In a letter from its editors entitled The Times and Iraq the paper printed on Wednesday that its coverage had not been "rigorous".
"In some cases, information that was controversial then, and seems questionable now, was insufficiently qualified or allowed to stand unchallenged.
"Looking back, we wish we had been more aggressive in re-examining the claims as new evidence emerged - or failed to emerge."
The Times cited five stories - including several page one articles - written between 2001 and 2003 that had accounts of biological, chemical and nuclear weapons in Iraq.
None of the stories have ever been independently verified, some were even discredited by its own reporters or reporters at another news organisation.
But when in-house journalists wrote stories that refuted the original reporting, the corrections were buried, the Times said.
Sources for the stories depended at least in part on information from a circle of Iraqi informants, defectors and exiles bent on "regime change" in Iraq, the Times said.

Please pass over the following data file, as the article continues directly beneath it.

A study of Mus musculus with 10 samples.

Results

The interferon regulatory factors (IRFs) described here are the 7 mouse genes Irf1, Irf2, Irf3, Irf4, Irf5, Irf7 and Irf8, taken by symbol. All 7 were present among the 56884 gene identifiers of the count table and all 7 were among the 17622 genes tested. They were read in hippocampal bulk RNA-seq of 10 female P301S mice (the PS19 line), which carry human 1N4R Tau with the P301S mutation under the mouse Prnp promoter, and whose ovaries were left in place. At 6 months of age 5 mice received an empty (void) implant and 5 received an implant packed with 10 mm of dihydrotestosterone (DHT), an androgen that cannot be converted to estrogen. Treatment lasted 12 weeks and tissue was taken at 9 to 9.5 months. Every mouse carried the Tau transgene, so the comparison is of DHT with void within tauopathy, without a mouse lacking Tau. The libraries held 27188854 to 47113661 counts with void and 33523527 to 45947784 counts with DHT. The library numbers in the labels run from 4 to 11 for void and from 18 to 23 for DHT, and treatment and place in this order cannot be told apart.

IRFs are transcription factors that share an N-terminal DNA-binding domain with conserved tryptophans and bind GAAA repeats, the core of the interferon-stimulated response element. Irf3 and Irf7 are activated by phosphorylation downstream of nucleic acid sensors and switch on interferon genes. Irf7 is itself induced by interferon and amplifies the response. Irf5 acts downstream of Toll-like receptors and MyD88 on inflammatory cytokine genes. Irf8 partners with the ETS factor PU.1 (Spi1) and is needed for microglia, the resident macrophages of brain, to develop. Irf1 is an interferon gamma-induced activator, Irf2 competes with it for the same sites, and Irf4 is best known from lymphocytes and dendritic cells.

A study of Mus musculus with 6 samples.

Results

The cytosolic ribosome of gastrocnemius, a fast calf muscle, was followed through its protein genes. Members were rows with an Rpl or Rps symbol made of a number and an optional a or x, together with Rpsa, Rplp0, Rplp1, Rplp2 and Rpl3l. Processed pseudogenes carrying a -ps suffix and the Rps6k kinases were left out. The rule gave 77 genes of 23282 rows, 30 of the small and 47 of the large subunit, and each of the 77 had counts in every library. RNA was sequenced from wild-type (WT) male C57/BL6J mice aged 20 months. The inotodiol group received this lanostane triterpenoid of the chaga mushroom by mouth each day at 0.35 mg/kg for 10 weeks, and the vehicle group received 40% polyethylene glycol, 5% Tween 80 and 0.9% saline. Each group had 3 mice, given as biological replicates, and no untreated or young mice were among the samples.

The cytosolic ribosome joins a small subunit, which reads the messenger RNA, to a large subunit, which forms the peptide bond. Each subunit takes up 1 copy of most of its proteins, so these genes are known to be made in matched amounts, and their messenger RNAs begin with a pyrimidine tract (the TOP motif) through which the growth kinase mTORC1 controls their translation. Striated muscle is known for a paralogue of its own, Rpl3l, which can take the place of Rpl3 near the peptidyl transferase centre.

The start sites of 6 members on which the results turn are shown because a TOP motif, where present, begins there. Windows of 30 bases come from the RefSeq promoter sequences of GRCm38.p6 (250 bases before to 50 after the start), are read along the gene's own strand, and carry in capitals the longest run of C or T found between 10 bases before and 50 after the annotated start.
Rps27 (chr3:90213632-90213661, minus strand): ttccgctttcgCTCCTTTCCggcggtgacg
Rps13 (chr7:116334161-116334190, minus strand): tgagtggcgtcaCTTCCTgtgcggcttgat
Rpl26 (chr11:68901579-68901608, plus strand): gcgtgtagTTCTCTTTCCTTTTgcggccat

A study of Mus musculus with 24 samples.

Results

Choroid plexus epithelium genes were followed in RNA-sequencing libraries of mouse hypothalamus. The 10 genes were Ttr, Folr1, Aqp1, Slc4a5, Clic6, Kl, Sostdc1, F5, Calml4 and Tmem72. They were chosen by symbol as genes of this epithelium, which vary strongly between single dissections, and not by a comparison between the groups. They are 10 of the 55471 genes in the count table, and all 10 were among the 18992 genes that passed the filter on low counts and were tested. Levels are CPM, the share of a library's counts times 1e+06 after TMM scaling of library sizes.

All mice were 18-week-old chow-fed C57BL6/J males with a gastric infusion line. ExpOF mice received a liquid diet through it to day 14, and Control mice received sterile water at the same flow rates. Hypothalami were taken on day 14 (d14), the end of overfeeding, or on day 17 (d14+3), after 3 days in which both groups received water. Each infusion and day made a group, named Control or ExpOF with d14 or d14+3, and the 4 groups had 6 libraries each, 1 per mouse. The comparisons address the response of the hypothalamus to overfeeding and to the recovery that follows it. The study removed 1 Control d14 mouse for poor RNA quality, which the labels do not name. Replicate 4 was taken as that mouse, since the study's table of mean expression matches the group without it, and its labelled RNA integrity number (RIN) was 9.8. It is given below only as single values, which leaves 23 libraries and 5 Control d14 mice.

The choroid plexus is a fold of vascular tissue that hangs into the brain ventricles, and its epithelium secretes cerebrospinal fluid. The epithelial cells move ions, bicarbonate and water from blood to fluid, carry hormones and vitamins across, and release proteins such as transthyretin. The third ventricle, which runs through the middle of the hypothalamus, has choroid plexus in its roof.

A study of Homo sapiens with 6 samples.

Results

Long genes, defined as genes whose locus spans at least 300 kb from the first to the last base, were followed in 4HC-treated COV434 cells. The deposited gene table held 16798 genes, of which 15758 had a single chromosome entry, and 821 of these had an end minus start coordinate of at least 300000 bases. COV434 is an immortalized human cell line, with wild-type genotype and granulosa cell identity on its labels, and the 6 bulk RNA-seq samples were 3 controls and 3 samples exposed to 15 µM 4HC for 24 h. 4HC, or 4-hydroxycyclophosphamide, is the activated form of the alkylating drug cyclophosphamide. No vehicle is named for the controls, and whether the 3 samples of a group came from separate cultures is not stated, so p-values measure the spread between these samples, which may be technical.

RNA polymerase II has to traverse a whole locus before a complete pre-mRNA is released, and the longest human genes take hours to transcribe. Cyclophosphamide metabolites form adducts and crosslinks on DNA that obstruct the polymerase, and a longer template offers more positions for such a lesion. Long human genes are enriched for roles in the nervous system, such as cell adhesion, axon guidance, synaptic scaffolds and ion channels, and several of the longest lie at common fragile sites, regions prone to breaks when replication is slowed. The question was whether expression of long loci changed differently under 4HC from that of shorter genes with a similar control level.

"Looking back, we wish we had been more aggressive in re-examining the claims as new evidence emerged - or failed to emerge"
New York Times
Ahmad Chalabi, once a favoured Iraqi exile of the Bush administration whose headquarters in Baghdad were raided last week by Iraqi police, was cited as a named source who introduced Times reporters to several exiles.
"Complicating matters for journalists, the accounts of these exiles were often eagerly confirmed by United States officials convinced of the need to intervene in Iraq," the Times added.
"Accounts of Iraqi defectors were not always weighed against their strong desire to have Saddam Hussein ousted."
The New York Times is the US' third largest circulation newspaper behind USA Today and the Wall Street Journal.